Abarim Publications' online Biblical Greek Dictionary
The origin of this verb is obscure. A fitting Proto-Indo-European root has been proposed, but support for it is scant and its faint traces in extant languages may very well derive from our verb, rather than from a shared root (one thinks of the ever useful Dutch verb mopperen, to grumble; see μομφη, momphe, below). Here at Abarim Publications we don't know either, but we are rather struck by the similarity of our verb and the name Memphis (Μεμφις), which in antiquity was a city both of proverbial glory and proverbial failure. Perhaps its most notable quality was its fault-finding in others (Matthew 7:1, Romans 2:1), which may have incited the others to find fault with it and subsequently raid and sack it.
Another verb that may be derived from the name Memphis, and which actually may shine some light on our present verb, is the verb λαμπω (lampo), to shine. This verb too is of unclear origin, but could convincingly pass for a Greek transliteration of the Hebrew compound למף (l'mep), of "onto Memphis" or rather: to be shone a light on so as to be checked for faults.
But regardless of whether the name and the verb are formally related, a Greek native speaker might have assumed so, which in turn might have licensed the poets (Jeremiah 11:4, Hosea 11:1, Matthew 2:15, 5:14). From our verb derive:
- Together with the preposition α (a), meaning without: the adjective αμεμπτος (amemptos), meaning without fault-finding. This tricky adjective not only means blameless but also not-blaming. Our adjective describes a situation that is not in any way involved with blame-assignment, one way or the other, but (as implied) rather with generosity, healing, helping, carrying each other's burdens and being friends on a shared journey. The purpose of the law is to reveal sin (Romans 7:7), which is why the covenant of the law had to be replaced by the covenant of the fulfilment of the law (Hebrews 8:7).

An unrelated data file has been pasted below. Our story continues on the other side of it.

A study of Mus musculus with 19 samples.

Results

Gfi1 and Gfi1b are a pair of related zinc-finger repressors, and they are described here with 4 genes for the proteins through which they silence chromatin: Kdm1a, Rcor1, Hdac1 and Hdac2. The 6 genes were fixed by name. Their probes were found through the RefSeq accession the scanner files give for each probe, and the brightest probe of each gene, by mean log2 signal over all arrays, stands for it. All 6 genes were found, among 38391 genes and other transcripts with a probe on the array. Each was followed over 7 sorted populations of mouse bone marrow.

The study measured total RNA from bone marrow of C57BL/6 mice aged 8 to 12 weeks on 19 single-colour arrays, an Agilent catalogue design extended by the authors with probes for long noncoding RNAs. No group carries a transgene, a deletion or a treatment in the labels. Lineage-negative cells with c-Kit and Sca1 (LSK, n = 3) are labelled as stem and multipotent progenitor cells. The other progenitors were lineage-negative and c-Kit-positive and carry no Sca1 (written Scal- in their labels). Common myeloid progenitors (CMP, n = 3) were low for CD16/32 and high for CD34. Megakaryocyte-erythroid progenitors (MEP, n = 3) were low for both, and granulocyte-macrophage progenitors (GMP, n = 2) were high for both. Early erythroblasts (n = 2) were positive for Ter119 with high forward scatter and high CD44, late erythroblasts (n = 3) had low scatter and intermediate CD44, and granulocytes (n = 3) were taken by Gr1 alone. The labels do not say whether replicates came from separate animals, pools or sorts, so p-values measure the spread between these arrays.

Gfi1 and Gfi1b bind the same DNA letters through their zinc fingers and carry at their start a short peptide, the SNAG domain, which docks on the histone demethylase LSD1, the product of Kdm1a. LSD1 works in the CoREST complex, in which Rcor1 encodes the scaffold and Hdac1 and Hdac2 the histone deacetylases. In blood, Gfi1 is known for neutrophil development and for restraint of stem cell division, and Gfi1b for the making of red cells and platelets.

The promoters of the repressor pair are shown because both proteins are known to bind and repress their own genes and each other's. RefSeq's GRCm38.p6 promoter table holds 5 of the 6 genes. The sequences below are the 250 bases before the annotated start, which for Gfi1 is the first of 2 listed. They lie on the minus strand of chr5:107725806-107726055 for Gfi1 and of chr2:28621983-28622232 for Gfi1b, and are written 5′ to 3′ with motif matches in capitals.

Many theologians and religious people insist that a proper faith is based on proper dogma, and the Bible is there to harvest and glean this dogma from. But others propose that proper faith is based on love, and the Bible is there so that humans can immerse themselves in God's thought patterns, so that the thought patterns of the reader will eventually begin to resonate with those of God. The first group will invest in orthodoxy, and split the world into a very small cluster of appropriateness and a very big remainder of faulty stuff (and assign themselves, generously, a place among the appropriate things). The second group will not look for fault, but will heal and repair and encourage where they can, whilst keeping their eyes on God alone. This adjective is used 5 times; see full concordance. And from it in turn comes:
- Together with the otherwise unused noun μοιρα (moira), lot, part or portion: the adjective μεμψιμοιρος (mempsimoiros), which (when used substantively) describes someone who continuously finds fault with the cards he's been dealt: someone who keeps complaining about his lot in life (Jude 1:16 only).
- The noun μομφη (momphe), a fault-finding or fault-found: a complaint (Colossians 3:13 only).